How can people of faith navigate the complex issue of investing according to their deeply-held values?
Can the way one invests really align with their commitment to a religious mission?
Over the years in his writings and sermons, Pope Francis has urged us all to tackle global challenges such as climate change and helping the less fortunate.1 The Pope’s words have thrust into the spotlight the larger mission of living a positive life consistent with values and mission—and that includes how and where we invest.
By following a holistic faith-based investment strategy, investors can now be sure that the ways in which they commit capital embrace the full tenets of their faith and teachings.
Though interest in faith-based investing has surged recently, the idea of investing according to one’s values is far from a new concept.
More than 100 years ago, Methodist entities “screened” investments in companies that manufactured alcohol, tobacco or promoted gambling. Around the same time, Quaker values such as peace, simplicity, integrity and justice, helped steer the Friends Fiduciary Corporation into established guidelines that avoided investing contrary to values and mission.
In the late 1960s, Roman Catholics, alongside Protestants and other denominations, spoke out publicly against apartheid in South Africa. Religious sisters are credited with taking further action. After pooling their retirement assets, they filed shareholder resolutions to confront corporations that had not adopted the Sullivan Principles, which detail that all employees should be treated equally, regardless of race.
Today, we see a growing landscape of interdenominational investors who view the management of their investments as an extension of their mission and as a powerful catalyst for social and environmental change.
Since faith is so personal, it naturally follows that faith-based investment goals will be highly tailored based on every individual’s unique set of values. Once an individual or institution has decided to integrate a faith-based approach to investing, a Morgan Stanley Financial Advisor can guide the process of building an investment plan that integrates the investor’s financial and faith-based goals.
As part of setting investor expectations, this investment plan should appropriately build in flexibility to allow any investment strategy to evolve over time based on market conditions and opportunities.
Today, faith-based investors have access to an increasingly sophisticated range of approaches that allow clients to align investment decisions and personal values without necessarily sacrificing financial returns.
The Morgan Stanley Investing with Impact Platform offers a “three I’s of Impact” framework for faith-based investors to consider:
- The intentionality of the investment process. This can involve choosing to avoid certain businesses you find objectionable while investing in those that help solve some of the biggest global environmental and social challenges we face today. In recently updated Guidelines,2 for instance, the U.S. Conference of Catholic Bishops (USCCB) encourages Catholic investors to avoid companies that derive revenue from tobacco, weapons or other activities that run counter to the mission of protecting human life. By the same token, it also encourages investors to seek out companies whose business models align with the Paris Agreement's emission reduction goals.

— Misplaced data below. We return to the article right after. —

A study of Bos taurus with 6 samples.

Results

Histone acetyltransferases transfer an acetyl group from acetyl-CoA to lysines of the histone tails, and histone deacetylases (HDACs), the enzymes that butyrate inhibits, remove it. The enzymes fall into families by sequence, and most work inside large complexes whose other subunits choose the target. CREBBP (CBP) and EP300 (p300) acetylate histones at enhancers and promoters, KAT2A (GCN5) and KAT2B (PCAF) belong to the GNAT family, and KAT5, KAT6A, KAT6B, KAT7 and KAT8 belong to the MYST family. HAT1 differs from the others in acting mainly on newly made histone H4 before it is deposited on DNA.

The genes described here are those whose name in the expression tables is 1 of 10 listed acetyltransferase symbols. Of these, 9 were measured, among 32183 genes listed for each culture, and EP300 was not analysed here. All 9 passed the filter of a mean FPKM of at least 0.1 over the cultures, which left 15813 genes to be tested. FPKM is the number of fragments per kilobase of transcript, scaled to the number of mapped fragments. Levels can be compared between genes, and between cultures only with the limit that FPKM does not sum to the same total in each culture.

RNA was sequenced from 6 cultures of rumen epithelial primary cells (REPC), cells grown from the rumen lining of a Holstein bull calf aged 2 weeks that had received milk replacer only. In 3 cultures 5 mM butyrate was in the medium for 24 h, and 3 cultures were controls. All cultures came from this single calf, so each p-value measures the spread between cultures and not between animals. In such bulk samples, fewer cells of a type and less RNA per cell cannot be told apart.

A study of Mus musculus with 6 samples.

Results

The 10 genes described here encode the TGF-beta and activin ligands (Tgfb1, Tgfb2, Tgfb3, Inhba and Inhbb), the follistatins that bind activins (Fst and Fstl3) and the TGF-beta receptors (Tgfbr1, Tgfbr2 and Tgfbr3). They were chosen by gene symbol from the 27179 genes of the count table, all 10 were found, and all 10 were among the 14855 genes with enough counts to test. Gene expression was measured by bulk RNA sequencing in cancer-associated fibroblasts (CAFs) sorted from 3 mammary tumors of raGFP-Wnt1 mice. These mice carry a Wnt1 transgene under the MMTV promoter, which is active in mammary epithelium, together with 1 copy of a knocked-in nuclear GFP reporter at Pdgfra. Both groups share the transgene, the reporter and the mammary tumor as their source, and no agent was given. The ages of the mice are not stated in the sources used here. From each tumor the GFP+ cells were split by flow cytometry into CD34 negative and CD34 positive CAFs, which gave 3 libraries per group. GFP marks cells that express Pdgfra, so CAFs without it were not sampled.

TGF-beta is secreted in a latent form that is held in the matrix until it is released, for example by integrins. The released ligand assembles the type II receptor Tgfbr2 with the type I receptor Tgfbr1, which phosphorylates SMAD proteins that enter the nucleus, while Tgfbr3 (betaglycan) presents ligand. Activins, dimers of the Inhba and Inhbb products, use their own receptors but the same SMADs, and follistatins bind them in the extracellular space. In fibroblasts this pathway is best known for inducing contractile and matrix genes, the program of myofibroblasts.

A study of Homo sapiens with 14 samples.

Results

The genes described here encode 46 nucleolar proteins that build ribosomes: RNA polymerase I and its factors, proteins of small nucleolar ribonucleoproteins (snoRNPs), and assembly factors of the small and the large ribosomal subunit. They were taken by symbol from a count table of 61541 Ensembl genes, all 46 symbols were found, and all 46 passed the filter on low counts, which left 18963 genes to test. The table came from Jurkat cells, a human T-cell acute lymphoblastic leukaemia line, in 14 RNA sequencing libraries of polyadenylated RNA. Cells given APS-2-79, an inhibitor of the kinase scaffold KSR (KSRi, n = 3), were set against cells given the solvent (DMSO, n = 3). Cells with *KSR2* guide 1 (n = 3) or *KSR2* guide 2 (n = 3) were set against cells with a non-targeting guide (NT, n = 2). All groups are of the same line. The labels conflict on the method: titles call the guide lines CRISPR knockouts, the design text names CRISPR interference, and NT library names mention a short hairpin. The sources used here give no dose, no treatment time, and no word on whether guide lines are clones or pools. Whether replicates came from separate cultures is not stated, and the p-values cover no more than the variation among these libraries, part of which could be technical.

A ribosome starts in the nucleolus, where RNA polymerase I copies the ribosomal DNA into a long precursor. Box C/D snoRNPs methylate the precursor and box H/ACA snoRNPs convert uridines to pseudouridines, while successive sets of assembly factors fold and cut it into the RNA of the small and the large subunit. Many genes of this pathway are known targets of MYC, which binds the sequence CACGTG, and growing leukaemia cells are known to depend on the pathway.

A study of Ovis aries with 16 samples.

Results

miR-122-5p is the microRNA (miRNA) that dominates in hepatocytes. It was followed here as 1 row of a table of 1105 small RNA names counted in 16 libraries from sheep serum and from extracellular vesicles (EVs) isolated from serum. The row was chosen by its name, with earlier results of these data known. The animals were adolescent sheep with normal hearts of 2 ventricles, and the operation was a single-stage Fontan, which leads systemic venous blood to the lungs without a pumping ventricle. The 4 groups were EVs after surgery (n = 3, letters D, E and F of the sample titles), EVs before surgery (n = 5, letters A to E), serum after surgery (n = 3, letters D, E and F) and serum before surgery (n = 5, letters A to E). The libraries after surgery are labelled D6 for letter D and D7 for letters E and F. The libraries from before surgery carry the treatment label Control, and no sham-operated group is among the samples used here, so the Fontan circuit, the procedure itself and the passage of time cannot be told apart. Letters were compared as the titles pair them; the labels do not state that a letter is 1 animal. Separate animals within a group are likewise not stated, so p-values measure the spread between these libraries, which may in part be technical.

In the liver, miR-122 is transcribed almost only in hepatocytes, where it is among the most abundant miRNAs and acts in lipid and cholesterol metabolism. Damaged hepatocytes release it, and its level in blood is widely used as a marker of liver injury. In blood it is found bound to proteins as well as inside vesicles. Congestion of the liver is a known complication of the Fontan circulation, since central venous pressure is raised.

- The influence of shareholders in helping change company behavior for the better through active engagement. Example: The USCCB Guidelines frequently point to the influential role that certain shareholders can play in pushing companies toward “activities and policies which are socially beneficial and serve the common good.”
- The role of inclusion in an investment portfolio. Increasingly, faith-based investors may consider inclusion by examining the diversity of an asset management firm’s ownership and/or the investment professionals guiding the investment processes.
By understanding the variety of investment options, faith-based investors can take heart that the power of their capital can help them achieve both their financial and faith-based goals.
A typical misconception about faith-based investing is that aligning investments with one’s values means sacrificing return objectives. However, because of the increasing interest in faith-based investing, there is now a growing landscape of investment choices.
Today, faith-based investors have opportunities across virtually every asset class in their portfolio, achieving different approaches to alignment – from restriction screening to Environmental, Social and Governance (ESG) Integration and more. In addition, investors can choose to align their entire portfolio based on financial and faith-based objectives, or just a portion.
Faith-based investing strategies are just one aspect of Morgan Stanley’s Investing with Impact Platform. Launched in 2012 as part of the firm-wide commitment to sustainable investing, we define Investing with Impact as an investment approach that aims to generate market-rate financial returns while demonstrating positive environmental and/or social impact. Investing with Impact empowers our clients – from individuals to institutions – to align their investments with their values and mission, including faith-based investors.
In Morgan Stanley’s view, there is no single motivation for pursuing Investing with Impact and faith-based investing, and certainly more than one approach to implementation. We are proud to partner with our clients to take action towards aligning investments with personal and institutional values.